Two hotels converted into affordable apartment complex in Clearwater

As communities across Tampa Bay search for new and creative ways to handle the housing crisis, an apartment complex featuring two converted hotels held its grand opening in Clearwater Friday.

Pelican Lake Apartments is accepting applications from prospective tenants. Crews renovated the TownePlace Suites by Marriott and the Residence Inn by Marriott, combining the two hotels into the new complex on 49th Street North.

“We’re coming with a product that is adding a lot of units in the market relatively quickly. In addition to that, it’s at a lower cost,” said developer Humberto Cubillos, with Eagle Property Capital, adding he saw an opportunity to help find solutions to the rental market crisis. “There’s a deficit [in rental available units]. I think this strategy is very unique in that we’re looking for more transactions where we can help with the shortages in workforce housing, and we have an affordable housing component here.”


This comes as rents continue to skyrocket across the region, rising more than 30% in the last year. Meanwhile, vacancy is at just five percent in some parts of the Tampa Bay.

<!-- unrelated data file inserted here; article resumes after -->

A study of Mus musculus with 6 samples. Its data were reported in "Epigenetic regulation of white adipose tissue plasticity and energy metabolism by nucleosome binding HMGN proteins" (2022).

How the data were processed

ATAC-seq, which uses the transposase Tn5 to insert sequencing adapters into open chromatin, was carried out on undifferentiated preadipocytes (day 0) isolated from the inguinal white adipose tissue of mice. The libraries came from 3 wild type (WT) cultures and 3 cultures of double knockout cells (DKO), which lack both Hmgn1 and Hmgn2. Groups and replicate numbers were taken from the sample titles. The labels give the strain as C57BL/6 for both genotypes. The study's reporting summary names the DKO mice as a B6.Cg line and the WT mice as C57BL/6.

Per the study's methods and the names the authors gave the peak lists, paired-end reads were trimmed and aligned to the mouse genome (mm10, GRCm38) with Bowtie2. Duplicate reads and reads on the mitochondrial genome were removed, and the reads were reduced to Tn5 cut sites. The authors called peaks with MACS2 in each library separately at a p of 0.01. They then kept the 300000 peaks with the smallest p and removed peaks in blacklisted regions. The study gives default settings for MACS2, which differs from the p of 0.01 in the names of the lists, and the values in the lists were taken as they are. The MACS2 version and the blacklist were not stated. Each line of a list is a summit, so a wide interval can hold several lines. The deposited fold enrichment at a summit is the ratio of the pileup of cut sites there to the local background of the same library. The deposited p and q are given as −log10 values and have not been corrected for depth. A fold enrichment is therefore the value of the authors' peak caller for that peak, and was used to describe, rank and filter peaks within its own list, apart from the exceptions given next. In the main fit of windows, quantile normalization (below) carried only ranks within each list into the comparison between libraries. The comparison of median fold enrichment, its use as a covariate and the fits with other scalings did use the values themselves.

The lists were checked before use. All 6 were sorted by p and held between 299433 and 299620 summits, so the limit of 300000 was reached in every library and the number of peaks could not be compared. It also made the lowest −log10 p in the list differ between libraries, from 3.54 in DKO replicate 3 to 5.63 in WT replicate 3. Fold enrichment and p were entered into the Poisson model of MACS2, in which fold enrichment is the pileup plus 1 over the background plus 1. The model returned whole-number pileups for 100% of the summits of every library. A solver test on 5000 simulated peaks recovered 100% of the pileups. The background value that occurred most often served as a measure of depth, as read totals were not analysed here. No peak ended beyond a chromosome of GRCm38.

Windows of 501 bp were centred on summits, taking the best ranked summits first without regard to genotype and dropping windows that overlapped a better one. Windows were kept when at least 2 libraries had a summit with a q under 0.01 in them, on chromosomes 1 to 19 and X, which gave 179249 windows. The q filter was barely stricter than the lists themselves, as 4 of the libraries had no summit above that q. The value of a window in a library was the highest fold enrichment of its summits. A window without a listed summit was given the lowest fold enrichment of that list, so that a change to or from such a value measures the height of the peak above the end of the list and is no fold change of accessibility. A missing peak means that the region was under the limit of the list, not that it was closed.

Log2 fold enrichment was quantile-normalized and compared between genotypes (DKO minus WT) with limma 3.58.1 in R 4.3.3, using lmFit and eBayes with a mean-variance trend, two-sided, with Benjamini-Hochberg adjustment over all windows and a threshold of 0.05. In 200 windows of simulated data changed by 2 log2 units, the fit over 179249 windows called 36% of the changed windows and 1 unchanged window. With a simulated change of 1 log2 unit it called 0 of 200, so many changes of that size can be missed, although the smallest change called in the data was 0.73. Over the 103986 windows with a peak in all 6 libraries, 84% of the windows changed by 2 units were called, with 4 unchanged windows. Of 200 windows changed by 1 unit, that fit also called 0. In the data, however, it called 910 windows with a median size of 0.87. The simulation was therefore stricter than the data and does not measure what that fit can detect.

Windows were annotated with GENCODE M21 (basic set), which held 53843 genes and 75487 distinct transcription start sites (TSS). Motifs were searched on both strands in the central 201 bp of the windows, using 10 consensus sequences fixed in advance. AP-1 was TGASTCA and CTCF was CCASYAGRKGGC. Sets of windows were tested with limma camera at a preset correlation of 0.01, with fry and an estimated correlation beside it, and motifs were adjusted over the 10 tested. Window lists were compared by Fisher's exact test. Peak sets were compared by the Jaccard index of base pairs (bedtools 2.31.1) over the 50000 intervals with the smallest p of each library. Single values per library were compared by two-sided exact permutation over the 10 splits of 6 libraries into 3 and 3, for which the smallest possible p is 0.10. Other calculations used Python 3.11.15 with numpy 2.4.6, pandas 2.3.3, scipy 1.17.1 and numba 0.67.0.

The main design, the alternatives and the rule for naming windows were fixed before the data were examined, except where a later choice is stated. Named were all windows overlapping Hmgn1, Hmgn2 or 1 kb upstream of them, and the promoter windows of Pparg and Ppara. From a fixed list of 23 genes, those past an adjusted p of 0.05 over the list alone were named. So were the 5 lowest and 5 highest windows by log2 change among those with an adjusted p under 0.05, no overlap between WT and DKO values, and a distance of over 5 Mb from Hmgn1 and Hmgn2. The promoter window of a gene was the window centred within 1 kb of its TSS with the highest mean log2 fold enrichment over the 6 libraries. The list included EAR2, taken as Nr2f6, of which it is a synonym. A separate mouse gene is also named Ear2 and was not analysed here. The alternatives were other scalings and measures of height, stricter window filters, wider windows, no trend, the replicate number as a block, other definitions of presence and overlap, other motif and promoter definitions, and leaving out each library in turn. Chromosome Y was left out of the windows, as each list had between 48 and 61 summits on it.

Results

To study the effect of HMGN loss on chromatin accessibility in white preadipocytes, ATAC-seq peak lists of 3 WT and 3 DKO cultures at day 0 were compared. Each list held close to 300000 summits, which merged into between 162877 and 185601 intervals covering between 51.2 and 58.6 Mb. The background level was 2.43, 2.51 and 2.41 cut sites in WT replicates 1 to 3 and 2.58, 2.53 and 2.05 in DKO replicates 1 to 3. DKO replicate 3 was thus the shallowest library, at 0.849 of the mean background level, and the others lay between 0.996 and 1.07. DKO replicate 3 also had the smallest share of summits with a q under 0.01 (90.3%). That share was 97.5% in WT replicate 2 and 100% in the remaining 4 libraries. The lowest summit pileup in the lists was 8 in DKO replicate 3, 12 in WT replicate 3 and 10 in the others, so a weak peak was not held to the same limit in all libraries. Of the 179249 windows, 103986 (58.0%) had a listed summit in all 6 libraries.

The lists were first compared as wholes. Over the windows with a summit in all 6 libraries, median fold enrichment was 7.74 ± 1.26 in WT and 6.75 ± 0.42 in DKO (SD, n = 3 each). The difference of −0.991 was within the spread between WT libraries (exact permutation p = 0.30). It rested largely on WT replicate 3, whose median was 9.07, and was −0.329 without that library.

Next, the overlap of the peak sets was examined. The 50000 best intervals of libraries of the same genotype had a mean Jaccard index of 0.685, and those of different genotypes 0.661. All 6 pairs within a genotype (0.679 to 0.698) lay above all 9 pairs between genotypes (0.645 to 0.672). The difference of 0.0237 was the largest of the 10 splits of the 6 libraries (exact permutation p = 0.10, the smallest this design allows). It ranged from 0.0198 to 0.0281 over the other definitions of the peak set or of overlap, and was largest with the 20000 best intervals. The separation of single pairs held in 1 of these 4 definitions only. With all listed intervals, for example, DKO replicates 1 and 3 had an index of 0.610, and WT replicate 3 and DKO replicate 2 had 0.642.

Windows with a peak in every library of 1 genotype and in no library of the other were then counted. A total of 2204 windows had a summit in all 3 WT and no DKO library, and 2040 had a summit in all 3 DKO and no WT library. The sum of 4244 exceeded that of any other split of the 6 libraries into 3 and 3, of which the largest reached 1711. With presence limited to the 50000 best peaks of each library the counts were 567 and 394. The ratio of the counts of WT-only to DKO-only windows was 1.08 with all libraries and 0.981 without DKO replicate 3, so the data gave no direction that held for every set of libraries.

Metropolitan Ministries has seen a rise in people unable to find housing that fits their budgets. The organization is now helping 400 families a month find affordable housing, up from 150 before the pandemic.


Long explained why every new apartment helps.

“I think any additional housing we can get into the market is a positive thing. There’s lots of really high end properties that are coming on the market now, but anything that’s in the middle range or lower is much needed,” Long said. “All those folks that could afford a little bit more, they’re really taking up the stock of the lowest rental properties and pushing some of those folks out of the market. So if we can get some nicer properties that are in the mid- range, that will open up some slots also for folks that maybe can’t afford quite that much.”

The situation led Tampa City Council members to discuss declaring a housing state of emergency Monday, which would allow the city to impose rent control measures. Instead, the council decided to put the measure up for a vote on the November ballot.